Small-business owners are more optimistic than at any time since 2007 as their outlook for sales and economic conditions jumped this month, according to a closely watched private survey released Tuesday.
The optimism index from the National Federation of Independent Business rose to 98.1, up two points from November, the group said.
About 5 1/2 years after the end of the Great Recession, the index, which is one of the economic indicators the Federal Reserve monitors, finally has reached its 42-year average.
“Unfortunately, the index did not sprint past the average, which is typical of a strong recovery before settling back down," said Bill Dunkelberg, the group's chief economist.
"Instead it’s been a slow slog just to reach this point,” he said.
The rise was more than analysts had forecast. The increase came from jumps in two of the 10 measures the index tracks.
The biggest move was in expectations of small-business owners for the economy during the next six months.
That index component, based on the difference between the percentage of owners expecting improvement minus those expecting conditions to worsen, rose 16 points from October.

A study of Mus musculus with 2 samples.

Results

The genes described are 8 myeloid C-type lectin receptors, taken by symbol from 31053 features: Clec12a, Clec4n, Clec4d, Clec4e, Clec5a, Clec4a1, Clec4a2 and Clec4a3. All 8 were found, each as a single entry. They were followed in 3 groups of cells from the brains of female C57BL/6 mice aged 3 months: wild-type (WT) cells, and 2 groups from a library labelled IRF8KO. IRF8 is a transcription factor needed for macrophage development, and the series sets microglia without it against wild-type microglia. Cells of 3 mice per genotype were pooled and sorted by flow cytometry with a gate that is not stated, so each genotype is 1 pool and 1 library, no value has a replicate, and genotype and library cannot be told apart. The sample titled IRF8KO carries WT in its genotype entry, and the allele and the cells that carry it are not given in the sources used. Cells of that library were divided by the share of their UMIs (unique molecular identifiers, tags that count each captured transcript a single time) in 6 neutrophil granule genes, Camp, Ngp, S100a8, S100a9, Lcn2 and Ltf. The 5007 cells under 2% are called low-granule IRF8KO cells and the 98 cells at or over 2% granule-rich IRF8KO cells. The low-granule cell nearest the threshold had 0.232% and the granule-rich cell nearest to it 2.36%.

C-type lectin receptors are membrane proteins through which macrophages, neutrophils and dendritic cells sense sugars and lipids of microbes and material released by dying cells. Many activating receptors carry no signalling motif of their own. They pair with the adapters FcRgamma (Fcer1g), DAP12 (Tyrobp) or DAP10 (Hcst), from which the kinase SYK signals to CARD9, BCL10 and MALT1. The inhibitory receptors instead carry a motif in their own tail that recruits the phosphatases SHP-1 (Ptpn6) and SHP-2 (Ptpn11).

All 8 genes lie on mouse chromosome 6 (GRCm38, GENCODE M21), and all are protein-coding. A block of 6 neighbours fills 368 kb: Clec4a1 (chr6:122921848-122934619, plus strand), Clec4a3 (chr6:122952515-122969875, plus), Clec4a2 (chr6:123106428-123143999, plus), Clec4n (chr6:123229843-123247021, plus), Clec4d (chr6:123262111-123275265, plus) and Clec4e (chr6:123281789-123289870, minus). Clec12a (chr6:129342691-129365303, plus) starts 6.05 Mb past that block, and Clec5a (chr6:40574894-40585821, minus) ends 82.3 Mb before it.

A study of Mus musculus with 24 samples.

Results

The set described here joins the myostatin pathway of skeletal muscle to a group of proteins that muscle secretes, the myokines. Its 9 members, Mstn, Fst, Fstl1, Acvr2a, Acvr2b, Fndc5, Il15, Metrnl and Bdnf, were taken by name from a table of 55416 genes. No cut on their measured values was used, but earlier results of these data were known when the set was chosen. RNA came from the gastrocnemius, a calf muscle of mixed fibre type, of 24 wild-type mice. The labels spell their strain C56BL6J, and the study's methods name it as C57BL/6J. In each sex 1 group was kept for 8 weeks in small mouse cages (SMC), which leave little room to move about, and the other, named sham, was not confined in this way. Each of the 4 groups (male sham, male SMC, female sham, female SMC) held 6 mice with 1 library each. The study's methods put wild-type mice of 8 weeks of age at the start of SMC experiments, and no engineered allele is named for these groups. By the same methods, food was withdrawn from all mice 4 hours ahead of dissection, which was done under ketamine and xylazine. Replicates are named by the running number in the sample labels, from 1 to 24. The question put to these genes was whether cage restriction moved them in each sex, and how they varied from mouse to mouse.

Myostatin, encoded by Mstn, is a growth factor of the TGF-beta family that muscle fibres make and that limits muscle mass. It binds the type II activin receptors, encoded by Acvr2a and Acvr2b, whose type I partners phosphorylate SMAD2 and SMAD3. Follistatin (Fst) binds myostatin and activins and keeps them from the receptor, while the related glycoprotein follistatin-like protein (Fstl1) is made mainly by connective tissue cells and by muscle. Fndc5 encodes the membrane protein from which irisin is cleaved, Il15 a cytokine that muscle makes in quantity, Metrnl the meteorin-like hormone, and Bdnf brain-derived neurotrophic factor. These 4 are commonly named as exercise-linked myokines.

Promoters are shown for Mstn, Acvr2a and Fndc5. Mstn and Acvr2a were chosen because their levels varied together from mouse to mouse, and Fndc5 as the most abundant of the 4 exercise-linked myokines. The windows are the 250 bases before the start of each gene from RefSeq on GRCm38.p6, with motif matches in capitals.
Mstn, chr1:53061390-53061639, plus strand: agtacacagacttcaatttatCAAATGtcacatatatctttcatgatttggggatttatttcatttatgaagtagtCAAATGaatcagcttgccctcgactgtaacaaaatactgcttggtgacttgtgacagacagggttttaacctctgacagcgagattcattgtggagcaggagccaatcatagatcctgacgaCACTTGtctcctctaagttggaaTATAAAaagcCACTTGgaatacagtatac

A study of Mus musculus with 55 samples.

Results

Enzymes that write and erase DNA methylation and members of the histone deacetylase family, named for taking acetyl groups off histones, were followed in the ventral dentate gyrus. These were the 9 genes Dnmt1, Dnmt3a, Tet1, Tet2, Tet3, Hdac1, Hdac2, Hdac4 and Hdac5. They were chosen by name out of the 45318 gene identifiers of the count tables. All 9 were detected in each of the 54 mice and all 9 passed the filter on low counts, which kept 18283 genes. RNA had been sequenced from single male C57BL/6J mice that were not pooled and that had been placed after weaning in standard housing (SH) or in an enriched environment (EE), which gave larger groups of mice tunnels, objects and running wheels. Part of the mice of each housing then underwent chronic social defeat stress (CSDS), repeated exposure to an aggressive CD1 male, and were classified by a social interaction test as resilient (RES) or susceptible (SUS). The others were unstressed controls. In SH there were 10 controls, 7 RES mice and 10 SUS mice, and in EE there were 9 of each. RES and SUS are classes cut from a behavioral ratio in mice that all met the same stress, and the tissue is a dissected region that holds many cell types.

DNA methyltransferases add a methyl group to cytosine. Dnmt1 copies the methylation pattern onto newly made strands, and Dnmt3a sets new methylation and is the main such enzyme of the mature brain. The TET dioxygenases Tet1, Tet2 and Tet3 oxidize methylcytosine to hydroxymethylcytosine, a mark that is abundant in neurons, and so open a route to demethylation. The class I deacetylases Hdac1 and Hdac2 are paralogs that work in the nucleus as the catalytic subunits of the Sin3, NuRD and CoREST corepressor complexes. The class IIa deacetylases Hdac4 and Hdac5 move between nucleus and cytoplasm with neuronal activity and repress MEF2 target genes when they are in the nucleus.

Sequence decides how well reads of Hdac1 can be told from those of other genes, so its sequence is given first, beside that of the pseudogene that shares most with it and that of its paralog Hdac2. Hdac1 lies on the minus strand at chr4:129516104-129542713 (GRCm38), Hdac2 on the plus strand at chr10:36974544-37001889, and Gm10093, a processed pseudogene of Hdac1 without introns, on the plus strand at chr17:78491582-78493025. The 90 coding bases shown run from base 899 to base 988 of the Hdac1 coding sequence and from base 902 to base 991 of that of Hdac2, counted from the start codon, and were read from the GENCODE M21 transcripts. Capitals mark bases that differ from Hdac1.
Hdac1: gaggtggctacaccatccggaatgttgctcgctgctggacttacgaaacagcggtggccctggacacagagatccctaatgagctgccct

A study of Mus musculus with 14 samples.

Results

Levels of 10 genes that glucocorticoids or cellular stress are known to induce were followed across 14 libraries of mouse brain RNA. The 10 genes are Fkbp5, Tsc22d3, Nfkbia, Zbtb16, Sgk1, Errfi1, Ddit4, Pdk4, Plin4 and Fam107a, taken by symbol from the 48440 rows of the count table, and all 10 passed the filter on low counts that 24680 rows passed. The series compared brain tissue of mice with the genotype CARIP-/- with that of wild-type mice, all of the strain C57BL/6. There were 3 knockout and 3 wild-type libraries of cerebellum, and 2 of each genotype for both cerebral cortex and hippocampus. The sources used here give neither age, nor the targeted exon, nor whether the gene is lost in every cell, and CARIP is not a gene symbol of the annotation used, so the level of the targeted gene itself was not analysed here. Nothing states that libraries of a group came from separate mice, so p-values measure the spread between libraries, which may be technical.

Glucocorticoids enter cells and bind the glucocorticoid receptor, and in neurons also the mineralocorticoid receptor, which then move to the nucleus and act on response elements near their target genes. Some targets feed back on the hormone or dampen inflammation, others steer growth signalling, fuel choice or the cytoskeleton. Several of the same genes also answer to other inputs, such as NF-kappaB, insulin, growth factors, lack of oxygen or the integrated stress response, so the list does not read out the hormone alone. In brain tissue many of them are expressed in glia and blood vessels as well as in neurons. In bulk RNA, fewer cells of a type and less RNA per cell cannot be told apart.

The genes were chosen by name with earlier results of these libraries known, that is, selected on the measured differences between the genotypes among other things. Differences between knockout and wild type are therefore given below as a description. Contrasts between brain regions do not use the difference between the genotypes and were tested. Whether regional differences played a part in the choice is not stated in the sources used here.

The other area of significant improvement was in sales, with that index component up 5 points.
The group speculated the improved outlook might have been a reaction to strong Republican gains in last month's congressional midterm elections.
The increased optimism "isn't translating yet into a flurry of job creation or capital investment among small-business owners," Dunkelberg said, but he called it a positive sign.
“It’s a little early to declare a breakout," he said.
"This performance will have to be consolidated by several more positive readings before owners are confident to hire more employees and expand their business," he said.